This new Clingendael Report by Clingendael’s Maaike Okano-Heijmans, Sander Wit and Frans-Paul van der Putten argues that recent developments in relations between Mainland China and Taiwan, as well as expected economic and political benefits for Europe, provide reason for the EU to open talks with Taiwan. Talks with Taiwan should move on a par with EU–China talks — meaning that for now, they should address investment, while talks on a more comprehensive deal could follow later.
Economic and political considerations
By the standards that the EU has set for itself, Taiwan — which is the EU’s seventh largest trade partner in Asia — should be high up on Brussels’ wish list of partners with which to negotiate trade liberalization deals. As a stakeholder in East Asia’s stability prosperity, the EU has reason to see to it that the precarious status quo in cross-Strait relations is maintained. One way of doing so is to contribute to economic prosperity in Taiwan, which is also in the interest of mainland China.
The EU, the Netherlands
As Taiwan’s third largest trade partner — after China and the United States — the EU is clearly a relevant player. While the Netherlands is unlikely to take the lead in this process, the Dutch government is in a position to support initiatives undertaken by the European Commission and/or other EU member states.
About this report
The project of which this study is part was funded by the following government agencies and businesses: the Taipei Representative Office in the Netherlands (TRON), the Dutch Enterprise Agency (RVO, in Dutch), the Netherlands Trade and Investment Office in Taipei (NTIO), the Brabant Development Agency, the City of Eindhoven, Amsterdam Inbusiness (AIB, operated by the cities of Almere, Amsterdam, Haarlemmermeer and Amstelveen), Philips Taiwan and Netherlands Airport Consultants (NACO).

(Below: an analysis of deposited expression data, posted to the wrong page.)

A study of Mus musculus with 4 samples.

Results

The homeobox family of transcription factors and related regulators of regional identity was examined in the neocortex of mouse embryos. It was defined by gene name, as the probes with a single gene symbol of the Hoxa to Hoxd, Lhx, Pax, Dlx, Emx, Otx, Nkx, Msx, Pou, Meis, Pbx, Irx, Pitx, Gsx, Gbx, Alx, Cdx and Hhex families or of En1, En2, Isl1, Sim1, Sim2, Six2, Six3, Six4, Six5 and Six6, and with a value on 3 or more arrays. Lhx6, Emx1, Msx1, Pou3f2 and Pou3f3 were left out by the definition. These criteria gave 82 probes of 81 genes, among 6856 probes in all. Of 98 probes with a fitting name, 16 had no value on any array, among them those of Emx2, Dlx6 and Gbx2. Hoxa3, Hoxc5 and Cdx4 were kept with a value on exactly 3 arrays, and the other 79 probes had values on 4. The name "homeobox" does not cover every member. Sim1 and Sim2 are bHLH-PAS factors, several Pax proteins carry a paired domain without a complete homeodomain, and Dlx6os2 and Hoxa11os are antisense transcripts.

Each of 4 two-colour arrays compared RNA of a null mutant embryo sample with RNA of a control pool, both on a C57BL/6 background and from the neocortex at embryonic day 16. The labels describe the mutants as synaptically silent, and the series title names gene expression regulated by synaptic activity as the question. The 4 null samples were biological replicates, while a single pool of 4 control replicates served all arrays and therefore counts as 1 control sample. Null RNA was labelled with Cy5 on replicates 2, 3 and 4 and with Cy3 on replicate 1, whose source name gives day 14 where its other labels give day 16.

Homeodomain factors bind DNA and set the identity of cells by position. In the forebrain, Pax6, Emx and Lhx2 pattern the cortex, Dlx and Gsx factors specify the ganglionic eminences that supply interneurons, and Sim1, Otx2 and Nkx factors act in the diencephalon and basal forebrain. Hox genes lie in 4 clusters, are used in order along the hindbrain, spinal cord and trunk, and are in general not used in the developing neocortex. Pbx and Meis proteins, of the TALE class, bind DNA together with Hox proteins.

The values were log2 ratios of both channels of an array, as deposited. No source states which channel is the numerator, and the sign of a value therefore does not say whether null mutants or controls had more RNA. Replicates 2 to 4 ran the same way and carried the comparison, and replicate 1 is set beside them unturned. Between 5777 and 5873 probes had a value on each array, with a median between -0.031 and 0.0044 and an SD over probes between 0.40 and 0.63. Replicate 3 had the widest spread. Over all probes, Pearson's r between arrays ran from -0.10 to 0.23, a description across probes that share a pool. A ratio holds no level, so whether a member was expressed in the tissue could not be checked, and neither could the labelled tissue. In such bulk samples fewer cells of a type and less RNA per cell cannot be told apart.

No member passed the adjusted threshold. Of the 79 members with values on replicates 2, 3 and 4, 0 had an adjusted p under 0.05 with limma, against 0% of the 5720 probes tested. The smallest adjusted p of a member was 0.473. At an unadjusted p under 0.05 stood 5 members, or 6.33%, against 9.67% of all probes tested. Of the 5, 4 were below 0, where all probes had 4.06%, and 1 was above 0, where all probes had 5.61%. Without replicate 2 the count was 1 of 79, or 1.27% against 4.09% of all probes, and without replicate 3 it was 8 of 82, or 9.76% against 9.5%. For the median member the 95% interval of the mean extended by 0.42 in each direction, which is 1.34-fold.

Clingendael’s project team and its main sponsors jointly defined the aims of this report, but Clingendael carried out the study independently. The views expressed in this report do not necessarily express those of individual sponsors.
The introduction of this report details key developments in the EU’s trade diplomacy and East Asia policy of recent years. Chapter two explores how Taiwan’s diplomatic space has been evolving in the post-war period. It does so by assessing EU–Taiwan relations — with particular focus on the Netherlands — in the context of developments in the EU’s relations with China and of cross-Strait relations. Chapter three then presents an assessment of Taiwan’s role in East Asian politics and economics, including in trade diplomacy and production networks in the region. Challenged by political limitations, while at the same time extensively participating in production networks in the region, Taiwan seeks to reduce its isolation and strengthen its hub function in the East Asian political–economic system. Chapter four analyses how cross-Strait developments are impacting upon EU–Taiwan relations.
The question of whether the EU has reason to initiate negotiations on an economic accord with Taiwan is assessed from three angles: (1) economic opportunities; (2) political and normative considerations; and (3) the so-called ‘China factor’. Concluding that the EU has reason to engage Taiwan more deeply in the economic field — focusing, for now, on negotiations on an investment agreement — the report ends with policy recommendations for the relevant parties involved.